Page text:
AT&T: Smartphone use while driving goes beyond texts
Wireless carrier AT&T released the findings of a study that showed that four-in-10 smartphone users tap into social media while driving, almost three-in-10 surf the net, and surprisingly, one-in-10 videochat.
While texting and emailing are still the most prevalent activities that people engage in on their smartphones while driving, they are also tapping into Facebook and about one-in-seven are on Twitter while behind the wheel.
As a result of the findings, AT&T said it will expand the “It Can Wait” campaign from a focus on texting while driving to include other smartphone driving distractions that have emerged as their relationships with mobile devices have changed.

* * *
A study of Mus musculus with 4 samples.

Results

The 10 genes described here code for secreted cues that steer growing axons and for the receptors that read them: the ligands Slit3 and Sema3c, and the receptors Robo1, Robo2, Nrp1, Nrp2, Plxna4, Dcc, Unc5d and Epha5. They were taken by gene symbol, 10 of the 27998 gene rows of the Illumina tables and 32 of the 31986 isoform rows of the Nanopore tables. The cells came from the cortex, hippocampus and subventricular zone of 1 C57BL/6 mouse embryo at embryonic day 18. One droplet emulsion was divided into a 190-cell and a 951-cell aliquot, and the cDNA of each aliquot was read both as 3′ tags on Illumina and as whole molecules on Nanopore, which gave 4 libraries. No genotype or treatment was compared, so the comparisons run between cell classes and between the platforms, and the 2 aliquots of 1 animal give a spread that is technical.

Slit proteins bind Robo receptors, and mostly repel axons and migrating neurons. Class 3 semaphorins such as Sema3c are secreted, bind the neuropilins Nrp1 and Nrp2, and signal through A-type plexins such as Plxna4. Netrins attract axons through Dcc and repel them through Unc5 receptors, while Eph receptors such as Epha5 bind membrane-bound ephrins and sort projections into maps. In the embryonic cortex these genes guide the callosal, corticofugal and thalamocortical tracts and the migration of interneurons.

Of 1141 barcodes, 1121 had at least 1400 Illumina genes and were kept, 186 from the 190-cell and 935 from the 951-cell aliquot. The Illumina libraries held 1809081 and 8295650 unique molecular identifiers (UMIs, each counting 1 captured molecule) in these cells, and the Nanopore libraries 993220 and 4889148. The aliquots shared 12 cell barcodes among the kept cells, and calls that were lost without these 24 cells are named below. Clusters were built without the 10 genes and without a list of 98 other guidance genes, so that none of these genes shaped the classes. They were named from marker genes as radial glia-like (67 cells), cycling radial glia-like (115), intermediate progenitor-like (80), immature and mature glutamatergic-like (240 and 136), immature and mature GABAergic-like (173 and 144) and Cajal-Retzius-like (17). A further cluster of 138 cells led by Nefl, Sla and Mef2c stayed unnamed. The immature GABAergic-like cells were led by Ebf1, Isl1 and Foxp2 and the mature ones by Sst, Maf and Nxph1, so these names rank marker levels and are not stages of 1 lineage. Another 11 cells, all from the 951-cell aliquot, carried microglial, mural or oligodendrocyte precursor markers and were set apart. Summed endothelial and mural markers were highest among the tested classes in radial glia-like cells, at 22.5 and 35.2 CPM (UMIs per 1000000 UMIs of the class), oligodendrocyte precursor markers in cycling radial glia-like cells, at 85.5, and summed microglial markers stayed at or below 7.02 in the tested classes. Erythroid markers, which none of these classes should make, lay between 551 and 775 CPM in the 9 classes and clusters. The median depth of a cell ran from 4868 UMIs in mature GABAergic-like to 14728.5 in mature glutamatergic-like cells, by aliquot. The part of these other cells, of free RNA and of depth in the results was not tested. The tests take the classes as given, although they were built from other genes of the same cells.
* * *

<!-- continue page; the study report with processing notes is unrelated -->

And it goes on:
“When we launched It Can Wait five years ago, we pleaded with people to realize that no text is worth a life,” said Lori Lee, AT&T’s global marketing officer. “The same applies to other smartphone activities that people are doing while driving. For the sake of you and those around you, please keep your eyes on the road, not on your phone.”
The study showed that smartphone activities people say they do while driving include: Text (61 percent); e-mail (33 percent); surf the net (28 percent); Facebook (27 percent); snap a selfie/photo (17 percent); Twitter (14 percent); Instagram (14 percent); shoot a video (12 percent); Snapchat (11 percent); and, video chat (10 percent). AT&T polled 2,067 smartphone users for the study.
AT&T said it will use the survey findings to help drive awareness of the dangers of smartphone use behind the wheel. It will team up with Twitter — which will share messages on their platform about the dangers of smartphone while driving — as well as Samsung, Bose and Google.